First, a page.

Hernán Kazah Says SPACs Remain On the Radar Even if MEKA Was Shut Down

Kaszek Ventures’ co-founder says investors on good tech companies prefer to wait for the VC market and valuations to improve

Hernán Kazah Says SPACs Remain On the Radar Even if MEKA Was Shut Down.
July 06, 2023 | 06:08 PM


In early June, MEKA, a SPAC created by Kaszek and Mercado Libre, delisted its shares from the market and refunded shareholders who had put money into the compan’s IPO after failing to find a Latin American technology company to merge with and subsequently list in New York.

MEKA managed to raise $287 million on Nasdaq in an IPO in 2021, a figure many considered enough to bring another company to the stock markets, but failed to do so.

“There are some challenging things ahead and we don’t have a concrete plan at the moment. But the problem was not the [SPAC] vehicle itself,” Kazah told Bloomberg Línea.

Is it the End of the Road for Latin American SPACs?

Kazah says the “blank check company” model, questioned by many investors, is still valid. In his view, combination teams like his fund Kaszek and MercadoLibre could help good technology companies to reach the public markets under better conditions.

Created in the United States more than two decades ago, special-purpose acquisition companies (SPACs), also referred to as a ‘blank check companies’, were popular among Latin American companies over the last two years. Besides MEKA, other SPACs launched in the region were LatAmGrowth (LATGU), which raised $130 million, XPAC (XP’s broker SPAC), which raised $200 million, Valor Latitude, Dila Capital, and SoftBank LDH Growth.

As a market rule, this type of companies exist to merge with another firm and serve as a vehicle to go public within two years. Otherwise, the SPAC dissolves and, as is the case of MEKA, the investors get their money back.


“We closed the SPAC two weeks ago because we couldn’t find the target we were looking for,” Kazah said.

“When we started MEKA, there was a super bullish market and at that point a logical value [for mergers] ended up being surpassed by offers from private investors who paid a slightly higher valuation for investments in startups. And then the opposite happened, the market closed and got bearish,” said the long-time startup investor.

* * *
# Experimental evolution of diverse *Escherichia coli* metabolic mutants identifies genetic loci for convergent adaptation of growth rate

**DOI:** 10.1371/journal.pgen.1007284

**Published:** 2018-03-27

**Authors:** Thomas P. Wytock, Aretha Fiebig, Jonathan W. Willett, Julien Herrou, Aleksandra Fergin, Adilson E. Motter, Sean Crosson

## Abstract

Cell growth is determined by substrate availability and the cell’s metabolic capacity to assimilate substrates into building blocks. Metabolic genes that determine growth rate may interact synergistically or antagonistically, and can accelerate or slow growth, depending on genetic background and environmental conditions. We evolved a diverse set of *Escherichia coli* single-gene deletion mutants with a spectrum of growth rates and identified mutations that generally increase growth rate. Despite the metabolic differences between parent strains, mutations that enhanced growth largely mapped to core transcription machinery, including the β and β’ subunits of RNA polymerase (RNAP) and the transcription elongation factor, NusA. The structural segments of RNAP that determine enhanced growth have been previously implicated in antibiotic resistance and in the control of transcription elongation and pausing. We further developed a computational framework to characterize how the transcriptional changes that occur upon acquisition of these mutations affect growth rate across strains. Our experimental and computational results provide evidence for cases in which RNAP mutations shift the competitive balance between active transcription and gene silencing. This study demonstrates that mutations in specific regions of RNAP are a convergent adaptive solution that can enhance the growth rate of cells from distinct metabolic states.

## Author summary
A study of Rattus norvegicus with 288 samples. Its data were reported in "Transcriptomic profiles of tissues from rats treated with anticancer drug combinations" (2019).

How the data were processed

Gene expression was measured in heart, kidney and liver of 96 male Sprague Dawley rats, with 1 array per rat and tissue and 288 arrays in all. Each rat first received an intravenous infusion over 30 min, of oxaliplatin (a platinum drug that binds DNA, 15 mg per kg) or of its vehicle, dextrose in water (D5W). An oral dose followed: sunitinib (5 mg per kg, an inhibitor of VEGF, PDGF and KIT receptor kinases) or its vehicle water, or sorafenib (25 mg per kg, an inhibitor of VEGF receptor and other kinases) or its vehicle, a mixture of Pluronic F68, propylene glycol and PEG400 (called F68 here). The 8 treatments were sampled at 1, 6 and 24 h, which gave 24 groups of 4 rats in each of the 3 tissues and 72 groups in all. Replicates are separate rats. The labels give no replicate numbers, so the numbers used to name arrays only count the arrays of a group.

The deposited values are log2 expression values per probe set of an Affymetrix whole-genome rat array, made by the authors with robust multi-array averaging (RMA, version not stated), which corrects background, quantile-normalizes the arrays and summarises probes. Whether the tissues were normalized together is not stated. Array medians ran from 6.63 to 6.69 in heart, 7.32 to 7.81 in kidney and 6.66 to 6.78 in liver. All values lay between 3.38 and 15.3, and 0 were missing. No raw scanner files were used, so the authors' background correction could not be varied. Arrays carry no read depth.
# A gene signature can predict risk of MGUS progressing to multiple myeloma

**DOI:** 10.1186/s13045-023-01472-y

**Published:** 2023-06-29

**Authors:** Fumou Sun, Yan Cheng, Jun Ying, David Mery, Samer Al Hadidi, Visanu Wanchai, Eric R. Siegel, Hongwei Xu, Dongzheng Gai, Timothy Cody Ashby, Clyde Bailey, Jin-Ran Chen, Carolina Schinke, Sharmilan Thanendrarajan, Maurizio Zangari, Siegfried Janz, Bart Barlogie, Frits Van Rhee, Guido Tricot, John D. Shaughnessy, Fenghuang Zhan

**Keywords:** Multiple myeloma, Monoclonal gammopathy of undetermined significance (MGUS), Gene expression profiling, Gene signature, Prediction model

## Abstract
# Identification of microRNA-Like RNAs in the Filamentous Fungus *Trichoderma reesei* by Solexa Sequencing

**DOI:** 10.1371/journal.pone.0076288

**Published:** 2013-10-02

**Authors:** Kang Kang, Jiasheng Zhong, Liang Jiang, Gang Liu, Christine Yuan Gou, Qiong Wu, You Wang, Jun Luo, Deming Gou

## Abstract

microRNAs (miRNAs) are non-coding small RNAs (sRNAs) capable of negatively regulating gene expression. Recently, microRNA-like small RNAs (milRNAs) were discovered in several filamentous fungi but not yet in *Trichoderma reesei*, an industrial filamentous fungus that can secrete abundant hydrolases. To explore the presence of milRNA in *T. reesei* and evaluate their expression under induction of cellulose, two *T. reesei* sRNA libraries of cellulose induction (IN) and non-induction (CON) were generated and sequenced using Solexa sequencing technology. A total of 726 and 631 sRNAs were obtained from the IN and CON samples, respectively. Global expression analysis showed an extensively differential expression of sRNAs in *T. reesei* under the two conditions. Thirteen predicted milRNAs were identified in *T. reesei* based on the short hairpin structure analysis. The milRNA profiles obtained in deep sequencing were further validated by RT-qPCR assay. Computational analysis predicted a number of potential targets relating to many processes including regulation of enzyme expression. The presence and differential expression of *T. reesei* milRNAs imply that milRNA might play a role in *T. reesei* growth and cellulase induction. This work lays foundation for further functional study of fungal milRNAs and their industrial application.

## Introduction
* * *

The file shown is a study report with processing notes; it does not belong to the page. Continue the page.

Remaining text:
MEKA was looking for a company in the technology area in Latin America. According to Kazah, entrepreneurs of good companies with resources, were reviewing their projects and had no plans to sell shares at a time when they considered that the price would be unfair, according to the executive.

“[First] the market was overpriced and we would bid pricing that private investors thought was too low. And then the market got too cold and the entrepreneurs of viable companies preferred to hold out [without a merger to make a listing possible],” he said.


MEKA was created by Mercado Libre co-founder Hernan Kazah and the company’s former CFO Nicolas Szekazy, who left the e-commerce giant in 2011 to found the venture capital investment firm Kaszek.

Kazah and current Mercado Libre CFO Pedro Arnt were MEKA’s co-CEOs, while Mercado Libre co-founder and CEO Marcos Galperin and Szekazy were amongst SPAC’s special advisors.

MEKA reported on June 5 the dissolution and wind-down of the company. The firm said it would redeem all of its Class A common stock, par value $0.0001, that was issued in its IPO, at a per-share buy-back price, payable in cash, equal to the aggregate amount then deposited in the trust account.


The biggest loss from the dissolution of the vehicle was for the sponsors: Kaszek and Mercado Libre.

Scores of SPACs have canceled planned IPOs or refunded their investors in recent months, in a list that included SVF Investment, overseen by SoftBank Investment Advisers, which also manages the Japanese conglomerate’s Vision Fund. Merger plans by golfer Tiger Woods’ SPAC were also cancelled.

Yet there are companies that managed to hit their target, as revealed by a Bloomberg Línea report in March, noting the successful merger of Utah-based Mercato Partners’ SPAC with Brazilian startup Nuvini, and HPX Corp. of Carlos Augusto Piani, Rodrigo Xavier, and Bernardo Hees with Emergência Participações of Ambipar.